Taking Stock

Not an especially exciting day today; the computer has been better behaved, the pooches have been calmer and the new order of dog food was hurled at my front door … hardly headline grabbing events are they?

What about the job hunt? well surprisingly they are looking for more locksmiths, gas engineers, tower crane drivers, nurses, catalogue distributors (this one is a cheek – they mean one of those brochures that gets shoved through your front door every so often with cleaning products in – it is hardly a career is it delivering and collecting those!) but again only a possible of couple leads to follow for me.

The blog has been quite active and I have been doing some work on my elevator pitch which did require me to take stock – think about what I need to convey in the few brief minutes.

However my main achievement today, apart form mopping all the floors in one go (with Pups assistance to hold the mop – a little like a pushmepullyou approach) was making stock rather than taking it.  Put your hands up if you throw a chicken carcase away after you have had your roast dinner … it always amazes me how few people take the trouble to get the most from what that set of bones can offer.  Is it because Home Economics in school no longer considers the economics in favour of teaching kids to make cupcakes? or is it just that people generally have a higher standard of living and spend more on food … thereby wasting more?

On a tight budget it is not acceptable to throw away good food so my chicken which I bought on Saturday and which cost me £3 has/will have done the following:

  1. Roast chicken dinner
  2. Cold roast chicken with baked potatoes
  3. A sandwich
  4. Made two + pints of stock
  5. Half of the stock and half the chicken went into a rice dish this evening – there is enough left for lunch tomorrow
  6. That leaves chicken to go into another sandwich and another risotto or similar with the stock to cook that or to make  a soup.
  7. It is possible there may be another batch of stock to be made

£3 of meat will have contributed to at least 6 meals; the ingredients added to make those meals – basmati rice, sweet potatoes, mushrooms, bread and butter, carrots, onions, potatoes, sprout, parsnip are either relatively cheap or part of my store cupboard.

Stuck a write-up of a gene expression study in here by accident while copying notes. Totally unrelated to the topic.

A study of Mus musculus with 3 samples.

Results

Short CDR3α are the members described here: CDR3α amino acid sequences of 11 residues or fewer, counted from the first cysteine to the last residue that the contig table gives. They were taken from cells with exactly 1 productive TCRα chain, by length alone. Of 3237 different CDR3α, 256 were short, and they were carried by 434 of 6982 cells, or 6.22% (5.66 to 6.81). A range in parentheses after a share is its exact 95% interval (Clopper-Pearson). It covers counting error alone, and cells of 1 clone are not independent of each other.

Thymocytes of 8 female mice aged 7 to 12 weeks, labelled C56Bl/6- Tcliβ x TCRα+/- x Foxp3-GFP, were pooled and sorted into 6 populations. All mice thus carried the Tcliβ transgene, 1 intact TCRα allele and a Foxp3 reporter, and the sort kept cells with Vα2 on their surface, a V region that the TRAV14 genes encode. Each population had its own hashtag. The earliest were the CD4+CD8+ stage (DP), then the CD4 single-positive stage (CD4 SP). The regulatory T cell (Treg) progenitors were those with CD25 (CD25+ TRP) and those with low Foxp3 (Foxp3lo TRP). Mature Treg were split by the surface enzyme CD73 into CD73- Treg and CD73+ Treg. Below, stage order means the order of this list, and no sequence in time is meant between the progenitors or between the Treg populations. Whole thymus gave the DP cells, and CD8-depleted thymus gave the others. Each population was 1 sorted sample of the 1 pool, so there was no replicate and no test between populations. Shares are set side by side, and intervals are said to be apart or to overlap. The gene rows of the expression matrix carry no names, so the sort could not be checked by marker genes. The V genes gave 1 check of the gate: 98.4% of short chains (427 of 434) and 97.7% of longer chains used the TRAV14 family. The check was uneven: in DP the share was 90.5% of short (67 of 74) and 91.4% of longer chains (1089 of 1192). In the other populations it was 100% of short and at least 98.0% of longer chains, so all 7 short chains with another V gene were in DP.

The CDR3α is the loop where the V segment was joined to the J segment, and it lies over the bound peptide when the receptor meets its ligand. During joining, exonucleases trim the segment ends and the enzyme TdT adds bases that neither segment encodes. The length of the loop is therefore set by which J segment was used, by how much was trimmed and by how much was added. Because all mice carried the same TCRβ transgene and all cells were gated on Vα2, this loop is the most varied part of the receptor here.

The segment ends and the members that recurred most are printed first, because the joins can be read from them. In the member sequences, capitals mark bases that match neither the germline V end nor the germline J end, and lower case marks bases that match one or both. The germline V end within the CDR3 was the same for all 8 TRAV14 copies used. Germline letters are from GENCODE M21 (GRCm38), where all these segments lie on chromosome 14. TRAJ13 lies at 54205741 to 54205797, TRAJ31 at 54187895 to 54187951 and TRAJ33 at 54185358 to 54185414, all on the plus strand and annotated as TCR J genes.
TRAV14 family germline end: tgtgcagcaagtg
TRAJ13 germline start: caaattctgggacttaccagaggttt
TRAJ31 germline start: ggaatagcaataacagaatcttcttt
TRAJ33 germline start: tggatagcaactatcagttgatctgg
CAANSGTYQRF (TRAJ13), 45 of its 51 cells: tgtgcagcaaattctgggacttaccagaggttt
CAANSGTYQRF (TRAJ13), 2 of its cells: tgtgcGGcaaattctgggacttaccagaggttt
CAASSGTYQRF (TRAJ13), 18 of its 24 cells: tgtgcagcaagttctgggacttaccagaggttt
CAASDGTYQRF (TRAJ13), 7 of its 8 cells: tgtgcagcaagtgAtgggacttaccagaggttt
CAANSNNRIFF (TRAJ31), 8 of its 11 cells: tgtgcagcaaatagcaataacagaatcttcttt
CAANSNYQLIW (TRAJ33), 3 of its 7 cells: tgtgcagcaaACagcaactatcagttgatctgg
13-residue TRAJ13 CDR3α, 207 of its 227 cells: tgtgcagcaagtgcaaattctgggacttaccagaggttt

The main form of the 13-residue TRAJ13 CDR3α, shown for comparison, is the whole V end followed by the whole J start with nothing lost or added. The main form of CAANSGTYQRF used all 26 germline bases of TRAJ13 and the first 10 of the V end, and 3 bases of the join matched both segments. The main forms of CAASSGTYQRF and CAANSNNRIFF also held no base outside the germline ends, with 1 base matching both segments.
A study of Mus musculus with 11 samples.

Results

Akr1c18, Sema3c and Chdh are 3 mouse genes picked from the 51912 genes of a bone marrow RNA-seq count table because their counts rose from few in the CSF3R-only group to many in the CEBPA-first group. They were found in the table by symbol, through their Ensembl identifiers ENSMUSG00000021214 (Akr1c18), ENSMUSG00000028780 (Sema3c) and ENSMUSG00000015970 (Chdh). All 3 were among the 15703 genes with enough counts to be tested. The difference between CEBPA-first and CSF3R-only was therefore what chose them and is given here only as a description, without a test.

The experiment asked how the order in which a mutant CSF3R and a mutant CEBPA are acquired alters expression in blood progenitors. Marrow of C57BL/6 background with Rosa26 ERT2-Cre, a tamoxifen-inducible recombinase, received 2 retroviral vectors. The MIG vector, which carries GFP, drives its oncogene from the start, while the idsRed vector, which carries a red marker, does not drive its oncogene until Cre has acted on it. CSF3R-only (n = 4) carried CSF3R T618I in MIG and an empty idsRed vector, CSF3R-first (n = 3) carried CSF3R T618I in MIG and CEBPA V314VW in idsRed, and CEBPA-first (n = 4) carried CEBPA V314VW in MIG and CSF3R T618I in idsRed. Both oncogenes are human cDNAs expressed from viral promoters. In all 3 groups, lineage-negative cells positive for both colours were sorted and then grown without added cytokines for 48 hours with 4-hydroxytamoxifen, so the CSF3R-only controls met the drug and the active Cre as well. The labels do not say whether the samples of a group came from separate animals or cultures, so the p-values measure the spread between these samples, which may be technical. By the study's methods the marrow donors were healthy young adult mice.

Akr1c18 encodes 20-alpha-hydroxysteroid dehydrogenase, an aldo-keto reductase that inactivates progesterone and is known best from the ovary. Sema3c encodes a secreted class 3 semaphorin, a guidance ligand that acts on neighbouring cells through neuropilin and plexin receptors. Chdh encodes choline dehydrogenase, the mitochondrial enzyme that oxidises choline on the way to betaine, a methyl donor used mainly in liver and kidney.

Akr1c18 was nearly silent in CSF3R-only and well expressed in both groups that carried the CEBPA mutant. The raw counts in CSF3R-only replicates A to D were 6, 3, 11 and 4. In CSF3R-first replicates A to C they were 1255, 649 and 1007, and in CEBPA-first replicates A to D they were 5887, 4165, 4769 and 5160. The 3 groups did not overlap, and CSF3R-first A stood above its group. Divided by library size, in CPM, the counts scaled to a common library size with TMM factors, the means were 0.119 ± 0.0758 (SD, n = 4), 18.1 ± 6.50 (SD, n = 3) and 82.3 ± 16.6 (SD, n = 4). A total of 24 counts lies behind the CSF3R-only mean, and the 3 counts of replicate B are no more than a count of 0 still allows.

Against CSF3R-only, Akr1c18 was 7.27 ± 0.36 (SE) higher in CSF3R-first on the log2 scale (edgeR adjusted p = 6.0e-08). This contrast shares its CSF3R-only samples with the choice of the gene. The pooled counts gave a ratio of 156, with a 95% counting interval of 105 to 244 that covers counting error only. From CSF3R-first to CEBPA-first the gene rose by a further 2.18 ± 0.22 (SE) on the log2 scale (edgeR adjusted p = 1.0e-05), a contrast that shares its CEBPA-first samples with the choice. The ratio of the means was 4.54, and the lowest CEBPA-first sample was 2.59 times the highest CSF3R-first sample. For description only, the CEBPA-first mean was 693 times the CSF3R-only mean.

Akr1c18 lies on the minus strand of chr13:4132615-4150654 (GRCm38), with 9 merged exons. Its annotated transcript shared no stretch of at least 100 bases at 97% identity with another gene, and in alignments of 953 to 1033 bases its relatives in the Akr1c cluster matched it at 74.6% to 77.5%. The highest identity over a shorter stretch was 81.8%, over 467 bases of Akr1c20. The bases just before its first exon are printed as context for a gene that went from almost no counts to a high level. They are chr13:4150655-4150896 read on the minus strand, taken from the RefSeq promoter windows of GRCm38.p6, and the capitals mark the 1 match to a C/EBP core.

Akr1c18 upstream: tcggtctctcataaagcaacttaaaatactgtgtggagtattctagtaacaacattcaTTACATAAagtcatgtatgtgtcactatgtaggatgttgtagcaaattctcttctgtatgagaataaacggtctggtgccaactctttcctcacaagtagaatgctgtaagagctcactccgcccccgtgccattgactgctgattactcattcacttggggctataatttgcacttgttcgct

I have to be honest that I am not always as good at making stock as I should be when I have more money to spend – which is daft because I really love home made chicken stock!

So while I waited for it to cook into a lovely stockiness I continued with some design stuff – here are two more rooms connected to the one I showed you yesterday

Master suite with roof light

An Indoor patio joining the two spaces … just look at that sea view beyond the pond!

 

And a couple of photographs? why not … all of these are using close up techniques, with natural backlighting and throwing the background out of focus (keeping the depth of field small)

Tayberry stem with prickles … Pup chews these for fun and his teeth must be sharper than the thorns!

 

and the nearest I got to a sunset or sunrise today was this filtered sun rising behind the plant covered trellis that demarcates the dog yard …


I have an interest in how interior design and adapting a home to support living independently for longer can be complementary. The blog Life Long Design is part of an holistic plan for establishing a social enterprise which will offer the people of Tayside opportunities to explore Telecare and the wider scope of assistive technologies. Enabling individuals to make more informed and responsible choices in the care and support they need in their independent living. I am also keen to see public transport more widely adopted and sustainable rural bus services in particular supported. The Blog Travels with a Megarider shares my journey to find serenity in my life as I make that transition form employment to social entrepreneur. One of my methods in increasing serenity is to travel as many miles as I can on a fixed price bus ticket and explore my own local places of interest. Places that I used to go past and had never stopped to look at; places of peace and tranquility; places where I have had some wonderful conversations with complete strangers. I would like to share with you a response to when I described that one paragraph in an e-mail made it sound simple: "Believe me, Cathy, it does not sound simple. You are taking on an incredible challenge for all the right reasons. It is ambitious and admirable - the sort of project that can change lives, including yours." He is right it is ambitious but when did we every achieve anything by settling for the status quo and ignoring what doesn't work for people? So I would welcome your company from time to time on this journey either simply as a reader or if you are brave enough adding your own thoughts to the comments as you feel moved.